Although a daily reality for many Israelis, I, an American, am unaccustomed to running from rocket fire. War on home soil is a distant concept I read about in newspaper articles with my morning coffee, not something I experienced or feared. Until a week ago, war was not something I imagined for my vacation.
Arriving in Israel July 5 for my fourth visit, less than a day passed before I felt an uneasy vibe. The atmosphere was somber following the slaughter of three Israeli teens by Palestinians and the grisly murder of a Palestinian teen, his murderers unknown at the time.
On July 6, I planned to visit a friend in Herzliya near Tel Aviv. The media had released news that it was Jews who murdered the 16-year-old Palestinian. Riots of Palestinians and Israeli Arabs exploded in parts of Jerusalem and Arab villages around Israel – whole cars burned in the streets, cars were stoned, Jews dragged from their vehicles and beaten, and crowds of police officers closed off highway traffic to protect commuters from casualties. I watched the television in horror to see if the nearby train station would be safe in the morning.
It was safe, and I spent the day in Hertzliya relaxing on the beach watching hundreds of people swimming and playing Matkot, the Israeli paddle ball game. At night, we drove to Tel Aviv, the city that never sleeps, and danced in clubs packed full of people.
The next evening, as we prepared for another night in Tel Aviv to watch Brazil play Germany in the World Cup, Hamas terrorists in Gaza unloaded a barrage of rockets on Israel. Rocket fire in southern Israel was unfortunately not uncommon, but rockets had now hit Tel Aviv. Herzliya had not been hit, so we watched the game at a nearby café.
On the patio under string lights amidst busy sidewalks, my friend remarked that she couldn’t imagine how part of the country was sitting in bomb shelters at that seemingly peaceful moment. Minutes later, sirens alarmed throughout Herzliya. Sirens warned that the Iron Dome, Israel’s missile defense system, had been unable to intercept a rocket and that in seconds it would explode into the city below.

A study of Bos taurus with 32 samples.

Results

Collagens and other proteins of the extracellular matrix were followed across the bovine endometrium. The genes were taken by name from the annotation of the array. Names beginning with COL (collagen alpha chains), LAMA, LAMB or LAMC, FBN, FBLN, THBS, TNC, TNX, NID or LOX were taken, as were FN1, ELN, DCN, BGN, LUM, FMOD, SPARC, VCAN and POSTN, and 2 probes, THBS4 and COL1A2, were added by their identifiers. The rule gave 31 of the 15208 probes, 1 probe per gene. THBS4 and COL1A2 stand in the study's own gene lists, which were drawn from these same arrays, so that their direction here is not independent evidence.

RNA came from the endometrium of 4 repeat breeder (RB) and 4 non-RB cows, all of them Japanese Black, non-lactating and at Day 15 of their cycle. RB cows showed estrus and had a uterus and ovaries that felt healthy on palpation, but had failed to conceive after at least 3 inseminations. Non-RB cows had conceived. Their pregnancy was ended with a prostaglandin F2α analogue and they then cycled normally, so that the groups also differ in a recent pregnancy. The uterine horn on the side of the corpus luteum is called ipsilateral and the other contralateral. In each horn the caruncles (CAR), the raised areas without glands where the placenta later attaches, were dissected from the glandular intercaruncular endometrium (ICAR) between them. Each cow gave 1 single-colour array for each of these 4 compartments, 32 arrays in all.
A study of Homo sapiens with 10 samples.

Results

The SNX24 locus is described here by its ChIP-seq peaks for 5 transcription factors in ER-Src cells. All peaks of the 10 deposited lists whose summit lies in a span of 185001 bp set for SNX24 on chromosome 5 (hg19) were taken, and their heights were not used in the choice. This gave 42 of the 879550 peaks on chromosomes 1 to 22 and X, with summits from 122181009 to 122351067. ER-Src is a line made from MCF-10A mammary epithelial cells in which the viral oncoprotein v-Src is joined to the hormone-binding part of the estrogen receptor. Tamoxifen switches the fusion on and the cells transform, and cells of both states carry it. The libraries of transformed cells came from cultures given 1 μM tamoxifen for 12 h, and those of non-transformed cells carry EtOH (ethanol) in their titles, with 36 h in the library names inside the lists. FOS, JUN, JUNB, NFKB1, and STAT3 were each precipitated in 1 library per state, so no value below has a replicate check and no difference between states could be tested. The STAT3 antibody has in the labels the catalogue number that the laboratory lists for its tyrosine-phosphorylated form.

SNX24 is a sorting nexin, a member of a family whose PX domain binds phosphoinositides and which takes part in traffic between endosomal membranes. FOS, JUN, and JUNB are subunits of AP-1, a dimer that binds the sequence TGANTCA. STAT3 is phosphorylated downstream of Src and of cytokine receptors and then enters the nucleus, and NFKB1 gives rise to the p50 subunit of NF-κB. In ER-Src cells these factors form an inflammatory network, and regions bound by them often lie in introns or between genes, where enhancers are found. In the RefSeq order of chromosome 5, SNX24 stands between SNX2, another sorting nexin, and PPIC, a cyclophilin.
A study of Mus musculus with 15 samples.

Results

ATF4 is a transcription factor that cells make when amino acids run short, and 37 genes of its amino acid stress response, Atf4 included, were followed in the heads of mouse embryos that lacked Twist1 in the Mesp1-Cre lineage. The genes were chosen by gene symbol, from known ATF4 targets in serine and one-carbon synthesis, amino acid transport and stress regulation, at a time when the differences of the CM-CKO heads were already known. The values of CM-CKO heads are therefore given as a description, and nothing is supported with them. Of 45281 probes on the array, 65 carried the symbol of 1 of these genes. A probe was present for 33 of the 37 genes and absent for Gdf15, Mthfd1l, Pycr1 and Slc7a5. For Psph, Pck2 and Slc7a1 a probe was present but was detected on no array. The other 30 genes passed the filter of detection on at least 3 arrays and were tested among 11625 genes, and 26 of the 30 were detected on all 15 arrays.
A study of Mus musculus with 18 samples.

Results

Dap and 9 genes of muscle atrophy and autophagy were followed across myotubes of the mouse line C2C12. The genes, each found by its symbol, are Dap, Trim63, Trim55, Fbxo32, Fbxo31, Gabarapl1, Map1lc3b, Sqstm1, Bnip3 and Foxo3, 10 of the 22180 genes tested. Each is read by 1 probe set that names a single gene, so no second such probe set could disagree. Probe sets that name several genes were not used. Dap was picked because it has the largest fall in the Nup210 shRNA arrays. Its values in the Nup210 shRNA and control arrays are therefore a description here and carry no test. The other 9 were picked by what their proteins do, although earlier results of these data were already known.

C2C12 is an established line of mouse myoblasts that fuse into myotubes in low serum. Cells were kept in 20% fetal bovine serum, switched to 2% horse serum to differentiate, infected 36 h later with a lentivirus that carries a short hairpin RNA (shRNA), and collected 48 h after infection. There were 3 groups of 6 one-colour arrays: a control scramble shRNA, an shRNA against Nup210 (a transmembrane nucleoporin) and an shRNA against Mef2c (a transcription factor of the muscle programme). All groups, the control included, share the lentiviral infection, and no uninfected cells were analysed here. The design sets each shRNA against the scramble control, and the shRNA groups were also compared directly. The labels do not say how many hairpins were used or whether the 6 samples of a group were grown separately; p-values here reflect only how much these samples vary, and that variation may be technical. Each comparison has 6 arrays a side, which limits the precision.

People leaped from the streets to seek cover in the restaurant’s bomb shelter. There wasn’t enough room, so we followed some teenagers outside to a parking garage where we all stood holding each other against a concrete pillar. People sobbed and, after a minute or two, the sirens stopped. Everyone returned to their tables to finish their meals, eerily resuming normalcy.
After a night full of overhead explosions from Hamas’ unrelenting missile attack, Israel launched Operation Protective Edge on Tuesday, July 9.
One of my cousins had been drafted from the reserves, along with 33,000 other reservists. I returned to my family’s home in the north, where rockets haven’t hit in years. That morning, blaring sirens awoke us at 3:30.
Although the sirens have quieted in our area, there are distant explosions below – I sleep with my windows closed, despite lack of air conditioning, to quiet the booms and low-flying jets. Because of association, construction noises on the house across the street have become equally startling.
The radio or TV is always on here so my aunt can hear the announcement of rocket attacks in case family lives in those areas. Hamas has launched over 1,236 rockets into Israel, including during a brief cease-fire on the morning of July 15.
In Tel Aviv and southern Israel, sirens continue to sound, although civilian life has remained relatively regular. As an American in the midst of this personal war, I can’t help but wonder what America’s response would be if it were under attack.